ABC reappearance at Senate hearing could reveal details of agreement with Christian Porter


The ABC will be hauled back before Senate estimates to discuss details of its agreement with Christian Porter that led the industry minister to drop his defamation suit against the broadcaster.

The Senate communications committee will hold a hearing as early as next week at which the ABC managing director, David Anderson, will be asked who proposed the settlement and why the public broadcaster agreed to it.

The hearing could seek to expose details of the deal that have so far remained confidential, including mediation costs to be paid by the ABC.

On Wednesday, Guardian Australia revealed Porter first approached the ABC with an offer seeking a modest financial settlement, before he agreed to drop the defamation action in return for a clarification of the intent of the story and costs for mediation.

Porter has sought to portray the outcome as a victory, despite failing to secure an apology, a retraction from the public broadcaster or any damages.

Guardian Australia has been told three senators on the committee – the Greens senator Sarah Hanson-Young and Labor’s Nita Green and Catryna Bilyk – have co-signed a letter to convene the additional estimates hearing.

Three signatories is enough to compel a fresh hearing. The committee will meet on Thursday to set a date.

Hanson-Young, the committee’s deputy chair, said after withdrawing his defamation proceedings “Christian Porter made claims about the ABC which they have refuted”.

“This has raised more questions that need to be answered,” she said on Wednesday.

On Tuesday, Guardian Australia reported that George Christensen complained of ABC bias in the Coalition party room and suggested the government should “strike while the iron is hot” including moving against the ABC chair, Ita Buttrose.

Hanson-Young said the comments were “alarming” and amounted to “demanding retribution against the ABC through funding cuts and an attack on the ABC chairwoman”.


Anderson gave evidence at Senate estimates last week before the settlement was reached in the Porter case and made public on Monday.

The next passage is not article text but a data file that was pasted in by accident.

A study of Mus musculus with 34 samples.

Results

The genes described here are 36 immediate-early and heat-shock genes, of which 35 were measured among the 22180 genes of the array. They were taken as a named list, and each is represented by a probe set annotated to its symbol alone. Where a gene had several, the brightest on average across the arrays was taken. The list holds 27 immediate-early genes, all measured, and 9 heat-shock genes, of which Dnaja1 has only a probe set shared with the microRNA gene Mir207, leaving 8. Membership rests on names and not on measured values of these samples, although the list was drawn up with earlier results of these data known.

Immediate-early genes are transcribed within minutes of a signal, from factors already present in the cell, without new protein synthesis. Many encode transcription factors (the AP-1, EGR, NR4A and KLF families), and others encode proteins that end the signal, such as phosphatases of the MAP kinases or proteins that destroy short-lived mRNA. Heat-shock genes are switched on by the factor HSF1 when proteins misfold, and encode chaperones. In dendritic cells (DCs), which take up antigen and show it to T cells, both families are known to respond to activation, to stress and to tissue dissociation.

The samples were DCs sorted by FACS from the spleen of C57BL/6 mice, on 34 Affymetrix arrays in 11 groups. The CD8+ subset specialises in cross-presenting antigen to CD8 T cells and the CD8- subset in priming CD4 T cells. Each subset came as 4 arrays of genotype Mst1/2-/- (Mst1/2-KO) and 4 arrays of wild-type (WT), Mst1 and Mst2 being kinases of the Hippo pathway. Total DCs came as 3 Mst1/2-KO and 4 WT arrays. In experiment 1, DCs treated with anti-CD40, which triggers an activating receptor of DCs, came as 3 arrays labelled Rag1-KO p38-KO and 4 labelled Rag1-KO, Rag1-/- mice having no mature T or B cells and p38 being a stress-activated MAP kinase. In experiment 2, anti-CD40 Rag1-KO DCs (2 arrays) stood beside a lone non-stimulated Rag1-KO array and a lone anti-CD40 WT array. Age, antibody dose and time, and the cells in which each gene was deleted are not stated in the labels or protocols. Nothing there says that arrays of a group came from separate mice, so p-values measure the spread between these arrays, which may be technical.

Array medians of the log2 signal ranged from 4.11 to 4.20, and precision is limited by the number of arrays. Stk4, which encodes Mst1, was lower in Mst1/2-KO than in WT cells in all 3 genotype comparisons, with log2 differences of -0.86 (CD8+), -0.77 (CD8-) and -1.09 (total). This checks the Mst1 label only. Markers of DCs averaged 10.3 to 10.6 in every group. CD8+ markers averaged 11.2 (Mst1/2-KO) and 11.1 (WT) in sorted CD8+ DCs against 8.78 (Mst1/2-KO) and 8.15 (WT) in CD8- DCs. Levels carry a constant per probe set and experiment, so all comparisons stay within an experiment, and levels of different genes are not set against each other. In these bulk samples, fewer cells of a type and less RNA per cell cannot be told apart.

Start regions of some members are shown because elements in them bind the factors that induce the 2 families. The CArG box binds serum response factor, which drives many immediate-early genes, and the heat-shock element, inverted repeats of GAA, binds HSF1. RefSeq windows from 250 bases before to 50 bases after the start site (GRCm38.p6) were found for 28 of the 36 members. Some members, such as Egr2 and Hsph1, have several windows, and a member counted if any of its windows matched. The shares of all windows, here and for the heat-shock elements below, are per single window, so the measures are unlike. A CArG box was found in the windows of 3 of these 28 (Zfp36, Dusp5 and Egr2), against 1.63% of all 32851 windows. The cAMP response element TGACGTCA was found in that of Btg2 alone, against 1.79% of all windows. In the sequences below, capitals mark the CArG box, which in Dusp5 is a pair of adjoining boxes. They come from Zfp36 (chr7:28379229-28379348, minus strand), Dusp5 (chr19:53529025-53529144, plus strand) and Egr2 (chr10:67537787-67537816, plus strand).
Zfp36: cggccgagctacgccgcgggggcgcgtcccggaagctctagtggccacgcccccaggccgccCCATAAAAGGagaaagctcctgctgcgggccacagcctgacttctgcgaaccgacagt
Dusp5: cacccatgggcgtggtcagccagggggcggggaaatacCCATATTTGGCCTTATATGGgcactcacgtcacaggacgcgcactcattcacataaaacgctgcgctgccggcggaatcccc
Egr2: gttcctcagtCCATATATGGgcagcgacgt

Porter sued the ABC and investigative journalist Louise Milligan over an article reporting that an unnamed senior minister was accused of raping a 16-year-old in 1988 when he was 17. Porter denies the allegation.

In the aftermath of the settlement, Porter and the ABC engaged in a series of back-and-forth jabs over its terms.

Despite the agreement being confidential, comments by both Porter and Milligan have raised significant questions about the timing and circumstances of the out-of-court deal.

At his press conference on Monday, Porter said the ABC had approached his lawyers “last Friday” for “an urgent mediation”.

“We agreed, we consented to go to that mediation. That mediation was requested by the ABC,” he said.

That timeline was disputed on Twitter by Milligan who wrote that it was Porter who had “proposed a settlement first”. “If he wants to dispute that, happy to refresh his memory and release the terms he offered,” she wrote.

The Greens, Labor and friends of the deceased complainant renewed calls for an independent inquiry into the allegation.

In Australia, the crisis support service Lifeline is 13 11 14. If you or someone you know is impacted by sexual assault, family or domestic violence, call 1800RESPECT on 1800 737 732 or visit www.1800RESPECT.org.au. In an emergency, call 000. International helplines can be found via www.befrienders.org.